One Tree Yoga’s passionate teachers bring out yoga’s many flavors
Hanging from a wall rope, yoga students at One Tree Yoga exhale and deeply stretch. Yoga Karunta, as this new class is called, literally means “puppet yoga.” The wall ropes simulate the sense of being a suspended puppet, allowing students to refine their alignment, enjoy a more intense stretch, and tap into deeper benefits for the mind and body.
“I love expanding what I call the ‘realm of possibility,’” said CeCe Carson, who teaches the class. “When a student sees that they can achieve something they once thought impossible, the universe expands.”
Yoga Karunta is one of many flavors of yoga offered at One Tree Yoga’s two Omaha locations. Just as a student’s journey with yoga changes over time, so has One Tree Yoga evolved to meet the needs of the Omaha yoga community. When the studio opened more than 15 years ago, it offered just one form of yoga. Today, the studio thrives with classes in over a dozen different styles of yoga, taught by more than 20 passionate teachers.
While each class may have a different focus, instructors share a common view of yoga as a lifetime path and practice — not a fad, not just a physical exercise, but a way of living.
“One Tree sees yoga in its full totality — a practice and way of life for the body, mind, and soul,” said Alison King Tigges, general manager.
Students and instructors tout yoga’s mental and physical benefits. Tim Streff began practicing yoga at One Tree about eight years ago; today, he attends class three to four times a week. “The most obvious benefits are core strength, flexibility, balance and overall strength,” Streff said. “However, the benefits go far beyond that in terms of a feeling of peace and overall well-being.”
Student Lindsay Beck improved her flexibility and strength. But over time, she experienced deeper benefits. “The greatest benefit of a regular yoga practice, for me, has been developing acceptance — of people who get under my skin, of circumstances that are out of my control, and most importantly, acceptance of myself and all of my perceived flaws,” she said.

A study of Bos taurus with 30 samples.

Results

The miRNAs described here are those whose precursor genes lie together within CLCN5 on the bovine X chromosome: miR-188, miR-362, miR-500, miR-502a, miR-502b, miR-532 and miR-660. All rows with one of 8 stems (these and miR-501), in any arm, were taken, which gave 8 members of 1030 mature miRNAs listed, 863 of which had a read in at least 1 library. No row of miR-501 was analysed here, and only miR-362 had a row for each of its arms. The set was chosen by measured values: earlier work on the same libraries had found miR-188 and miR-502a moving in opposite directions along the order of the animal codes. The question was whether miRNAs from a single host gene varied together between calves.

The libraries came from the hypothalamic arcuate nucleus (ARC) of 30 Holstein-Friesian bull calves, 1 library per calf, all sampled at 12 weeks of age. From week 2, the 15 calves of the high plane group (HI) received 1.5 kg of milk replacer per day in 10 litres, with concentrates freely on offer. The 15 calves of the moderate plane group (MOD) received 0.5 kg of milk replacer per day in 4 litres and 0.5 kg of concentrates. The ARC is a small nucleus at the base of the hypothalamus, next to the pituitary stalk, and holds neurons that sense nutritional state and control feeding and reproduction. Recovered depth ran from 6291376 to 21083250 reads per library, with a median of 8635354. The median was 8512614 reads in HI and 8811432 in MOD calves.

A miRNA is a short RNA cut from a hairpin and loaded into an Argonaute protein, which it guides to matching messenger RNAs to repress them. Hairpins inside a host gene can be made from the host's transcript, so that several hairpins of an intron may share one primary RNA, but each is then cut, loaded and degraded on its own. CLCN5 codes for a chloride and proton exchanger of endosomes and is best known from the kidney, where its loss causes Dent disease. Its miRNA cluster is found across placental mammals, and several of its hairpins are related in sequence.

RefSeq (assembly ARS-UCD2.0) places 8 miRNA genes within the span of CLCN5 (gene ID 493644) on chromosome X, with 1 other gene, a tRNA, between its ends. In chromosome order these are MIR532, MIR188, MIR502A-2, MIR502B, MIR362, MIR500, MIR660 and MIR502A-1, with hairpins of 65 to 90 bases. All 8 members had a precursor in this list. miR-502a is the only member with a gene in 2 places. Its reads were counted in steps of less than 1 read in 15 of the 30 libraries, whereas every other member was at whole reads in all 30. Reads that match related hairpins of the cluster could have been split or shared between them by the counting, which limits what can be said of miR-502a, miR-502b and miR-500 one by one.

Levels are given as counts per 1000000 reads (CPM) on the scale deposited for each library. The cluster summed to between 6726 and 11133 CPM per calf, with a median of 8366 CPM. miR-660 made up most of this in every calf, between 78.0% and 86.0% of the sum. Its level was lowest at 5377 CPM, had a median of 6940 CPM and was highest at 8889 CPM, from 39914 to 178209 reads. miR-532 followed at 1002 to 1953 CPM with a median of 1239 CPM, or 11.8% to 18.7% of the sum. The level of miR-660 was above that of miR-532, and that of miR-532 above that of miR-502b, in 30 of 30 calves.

One Tree Yoga Owner Jamie Rye began practicing at the studio over a decade ago. Through the years, the studio became like a second home. She first became a teacher, and in 2010 she left her job at a Fortune 500 company to lead the studio she had grown to love.
Many of One Tree Yoga’s instructors share similar stories of starting as students and progressing to become teachers. The studios dozens of teachers bring a diversity of ages, education, work experience, and interests to the table. With staff members ranging from their 20s to 60s, clients of all ages feel comfortable in One Tree Yoga’s doorways. “You’ll never walk in the door and think, ‘I don’t fit in here,’” Rye said.
As One Tree Yoga has added instructors, its classes have also diversified to include styles like mom and baby yoga, candlelight yoga, senior’s yoga, and many others. Class offerings grow organically depending on an instructor’s passion, Rye said.
“We are unique because we literally have something for everyone,” Tigges said. “We offer yoga for kids, seniors, athletes, non-athletes, addicts, and everyone in between. Our teachers are diverse and our student body is diverse.”
Even as classes change, Rye said One Tree Yoga continues to focus on creating a place for people to experience a sustainable, long-term yoga practice. One of the many trickle-down effects of yoga, Rye says, is increased awareness — both on the mat and in other areas of life. That awareness can prove transformative in a yogi’s life.
“Achieving a fancy pose is nice and exciting, but when I see a student more committed to her practice or more patient in his daily life, more willing to tolerate discomfort or inconvenience or more accepting of change, that makes my heart sing,” instructor Carson said.